By Andrew Faris
True confession: despite having been a Calvinist since 2002, it was not until these last few months that I actually read a whole book on the subject. Some theology nerd friends started telling me about Calvinism when I was a freshman at Biola. They showed me the passages, I was convinced, and no other interpretation has swayed me yet.
So when I graduated from Talbot a few weeks ago and my uncle gave me a copy of Sam Storms' Chosen for Life as a graduation gift, I thought it was time to make my way through a Calvinism book for two reasons: (1) there may be aspects of the system left out in my reading of systematics, commentaries, and my conversations with friends and professors; and (2) I was hoping that if Storms' book was good, I would be able to confidently recommend a book on the subject when asked.
Given these goals, I was not disappointed. Chosen for Life excels as an introduction to Calvinism (or at least to divine election, which is the heart of Calvinism). If you are an experienced, widely-read Arminian, Storms' exegesis is unlikely to convince you. But if you are new to the subject, you will receive an introduction to both systems that even Arminians are likely to think fair, while confronting the arguments that have convinced Calvinists.
The book begins with the hypothetical brothers Jerry and Ed. Both have been to church plenty, but neither is a Christian. Sitting in church like they often do one Sunday, Jerry is listening to just another sermon, but this time his heart is awakened to the truth of the gospel. Why has Jerry suddenly repented and given his life to Jesus when he never had before? Storms repeatedly returns to this hypothetical and explains how each system interprets it as he unpacks them both.
Of course, Storms argues for a Calvinist understanding of the conversion, and he does it in the standard ways. Both camps believe in election- Arminians believe in conditional election according to foreknowledge, while Calvinists believe in unconditional election. Bost believe in total depravity- Arminians believe God overcomes this with prevenient grace, while Calvinists believe in irresistible, electing grace and regeneration prior to conversion. And so on.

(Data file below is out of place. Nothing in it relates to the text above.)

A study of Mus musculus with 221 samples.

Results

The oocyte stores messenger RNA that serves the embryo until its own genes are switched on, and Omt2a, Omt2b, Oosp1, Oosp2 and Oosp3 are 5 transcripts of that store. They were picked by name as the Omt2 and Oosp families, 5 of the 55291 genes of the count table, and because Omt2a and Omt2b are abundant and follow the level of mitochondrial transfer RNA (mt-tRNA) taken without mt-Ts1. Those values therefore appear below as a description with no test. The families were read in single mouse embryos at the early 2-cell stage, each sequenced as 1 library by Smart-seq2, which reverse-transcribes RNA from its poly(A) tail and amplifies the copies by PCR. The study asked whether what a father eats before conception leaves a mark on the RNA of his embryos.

The book has two chapters on unconditional election in the Gospels and Epistles and three more dedicated specifically to Romans 9. Clearly Storms hedges his bet that Romans 9 will be (as it was for me in 2002!) the most convincing passage for his case. Finally, Storms closes with a defense of a defense of Calvinism (yes, you read that correctly), and both here and in his introduction suggests that the debate, provided that it is humble and loving, is worthwhile because our apprehension of the glory of God is at stake (cf. Eph. 1). There are also three appendices, the most important of which is his discussion of "problem passages" for Calvinists.
As Carson's endorsement suggests, fairness is indeed one of the key features of this book. Storms' explanation gave me a greater clarity on the Arminian understanding of prevenient grace (just before he of course argues that it is entirely unbiblical!). I suspect that any Arminian who read the book would appreciate the irenic tone and clear presentation of Arminianism.
That said, the Arminian may be frustrated where I myself was: Storms repeatedly insists on the all too common but misguided Calvinist argument that the Arminian understanding of salvation violates a true "grace alone" view of salvation. While I do agree that Calvinism understands the grace of God in salvation more biblicallly than does Arminianism, I am unswayed by the idea that a free choice to receive Christ constitutes anything close to what the Bible calls a "work." I have given my argument for this elsewhere on this blog, so I won't rehash it here. This is one of the most glaring drawbacks of this book, especially since it works best as an introduction.
If you were raised in an American non-denominational evangelical church like me, you were probably raised an Arminian by default, even if you would never have known what that word meant (I certainly wouldn't have). When my friends started commending this crazy "Calvinism" to me, I reacted negatively until they kept taking me to the Bible. Storms does that in this book. If you are new to this subject and want a clear, fair but decidedly Calvinist introduction to the doctrine of divine election (or if you know someone else who fits that description) go get Sam Storms' Chosen for Life.